McMinnville man arrested in child abuse case – McMinnville News

A McMinnville man was arrested this morning by Yamhill County sheriff’s detectives on charges that allege he’s responsible for inflicting injuries on a 2-year-old boy who sustained a fractured skull and a broken collarbone.

Nicholas Ryan Bates, 25, of 1402 N.E. McDonald Lane, was charged with one count each of first-degree criminal mistreatment and third-degree assault, both Class C felonies. He was booked into jail on $15,000 bail. He tentatively will be arraigned at 1:20 p.m. Wednesday in circuit court.

The child allegedly sustained the injuries the evening of Monday, May 7, at Bates’ residence, according to Capt. Tim Svenson of the sheriff’s office.

He was taken to the Willamette Valley Medical Center emergency room the following morning by his mother, Felicia Manley, 22, of 4230 Hawn Creek Road, McMinnville. The child was transferred to Doernbecher Children’s Hospital in Portland. He has since been released into the custody of his mother.

She and Bates are not married and he is not the child’s biological father, Svenson said.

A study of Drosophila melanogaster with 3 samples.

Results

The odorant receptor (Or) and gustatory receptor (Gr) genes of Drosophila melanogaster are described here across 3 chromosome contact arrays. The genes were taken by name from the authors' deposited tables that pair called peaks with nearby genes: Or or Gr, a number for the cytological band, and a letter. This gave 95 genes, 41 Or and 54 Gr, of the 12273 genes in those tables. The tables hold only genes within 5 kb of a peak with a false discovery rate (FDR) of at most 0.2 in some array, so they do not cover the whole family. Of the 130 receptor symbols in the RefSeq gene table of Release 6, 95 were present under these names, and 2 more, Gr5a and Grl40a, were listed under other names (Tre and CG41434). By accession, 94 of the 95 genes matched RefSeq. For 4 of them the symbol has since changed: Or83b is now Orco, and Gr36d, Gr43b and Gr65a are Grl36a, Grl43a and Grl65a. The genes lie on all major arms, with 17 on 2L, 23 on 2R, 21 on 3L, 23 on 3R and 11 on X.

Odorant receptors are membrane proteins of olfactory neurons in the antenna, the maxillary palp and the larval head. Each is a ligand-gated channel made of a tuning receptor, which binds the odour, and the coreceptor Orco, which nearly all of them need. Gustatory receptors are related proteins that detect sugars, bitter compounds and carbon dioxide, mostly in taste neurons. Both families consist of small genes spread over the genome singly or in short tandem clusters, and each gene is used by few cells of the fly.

“During the past week our detectives have been interviewing people to pinpoint what happened,” he said. “He (Bates) knew we were looking for him. It just took some time for he and our detectives to get together.”

Bates was taken into custody about 6:30 this morning at his residence as he was leaving for work.

“After the child was taken to the hospital, and it was determined there were significant injuries, law enforcement was notified,” Svenson said. “When you have these types of injuries, more than likely it’s not an accident.”

Svenson gave this account of what’s alleged to have happened to the child:

“The mother said she stepped outside the residence to smoke a cigarette. When she went back inside, the boy had a slight amount of blood on the corners of his mouth.

“It appeared he might have bit his tongue,” Svenson said. “She put him to bed. She woke up the next morning and he was acting strange. He was unresponsive, acting as if his arm hurt.”

Manley took her son to the hospital at that point.

“These type of mistreatment cases do not occur as often as you might think, but when they do, the injuries are often significant,” Svenson said.

See Wednesday’s print edition for additional details.